Support the Mental Health of Your Ministry’s Youth
While mental health is talked about more as adults, youth are often among those who are dealing with the challenges of mental and emotional issues. It is common for youth to mistakenly feel that they must be doing something wrong if they experience mental or emotional distress. As members of the church, it is important for clergy to be aware of the signs of mental health issues and be better prepared to counsel children and youth who may be dealing with these very real problems.
Common Youth Mental Health Conditions
Children who are dealing with a mental health challenge need specific support, as do their families. Before a child is diagnosed with a mental health condition, there are usually warning signs. Parents and clergy should be aware of the following mental health conditions that commonly affect children:
Child Anxiety - Child anxiety, like all mental health conditions, can be triggered by a number of different things. A child with anxiety may worry excessively about everyday things or experience sudden bursts of fear for no reason.
Child Depression - A child with depression may have a hard time focusing, seem apathetic or tired most of the time and withdraw from activities they used to enjoy. They can also exhibit feelings of worthlessness.
Child Trauma - A child who has experienced trauma may be withdrawn, not want to participate in activities or play with friends, and have trouble sleeping. They can be triggered by certain events or people, and may also exhibit anxiety.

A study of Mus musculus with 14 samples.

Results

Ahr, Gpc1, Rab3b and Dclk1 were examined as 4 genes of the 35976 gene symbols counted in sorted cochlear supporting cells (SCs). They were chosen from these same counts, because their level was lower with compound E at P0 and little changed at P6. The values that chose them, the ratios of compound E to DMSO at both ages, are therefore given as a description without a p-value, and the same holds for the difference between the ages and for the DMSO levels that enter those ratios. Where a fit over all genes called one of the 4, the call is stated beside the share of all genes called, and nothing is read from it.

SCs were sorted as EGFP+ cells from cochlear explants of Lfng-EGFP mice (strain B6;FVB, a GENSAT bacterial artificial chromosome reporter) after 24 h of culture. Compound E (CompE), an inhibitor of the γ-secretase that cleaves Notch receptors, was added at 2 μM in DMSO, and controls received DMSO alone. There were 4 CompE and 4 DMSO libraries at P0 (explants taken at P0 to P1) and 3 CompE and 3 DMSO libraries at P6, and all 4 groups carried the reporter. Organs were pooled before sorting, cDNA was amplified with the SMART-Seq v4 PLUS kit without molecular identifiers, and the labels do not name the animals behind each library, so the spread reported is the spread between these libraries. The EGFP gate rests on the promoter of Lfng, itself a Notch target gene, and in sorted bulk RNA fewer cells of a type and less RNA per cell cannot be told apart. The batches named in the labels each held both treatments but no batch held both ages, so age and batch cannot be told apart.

Frequently Asked Questions
Below are some of the most common questions that coaches have about the mental health of their young athletes. If you're still unsure about how to best support players on your teams, please don't hesitate to contact us for more information.
Q: How Can I Tell if a Child Is Struggling With Mental Health Issues?
A: There is no one answer to this question, as mental health challenges can look different in each child. However, there are some common signs that may indicate a child is struggling, such as changes in eating or sleeping habits, withdrawing from friends and activities, exhibiting violent or self-harmful behavior, or appearing extremely sad for long periods of time.
Q: What Should I Do if I Think a Child Is Struggling?
A: The first thing you should do is talk to the child's parents. Let them know that something seems different about their child, and ask if they have noticed any mental health changes as well. It may be helpful for clergy members to offer services or resources available through South Coast Community Services in order to help address mental health concerns together with families.
Q: How Do I Talk to a Child About Mental Health?
A: This is another difficult question, as every child is different and will need a different level of support. However, it is important that clergy members be open and honest when discussing mental health with children. It's ok to let them know that you're not an expert on the topic, but that you're there to help them in whatever way you can. You may also want to encourage the child to talk to a mental health professional if they are feeling overwhelmed or like they can't cope.
Youth mental health is an important topic for all members of the community, including clergy. If you have any questions about mental health or how to best support children who may be struggling with mental and emotional issues, please don't hesitate to contact us at South Coast Community Services today!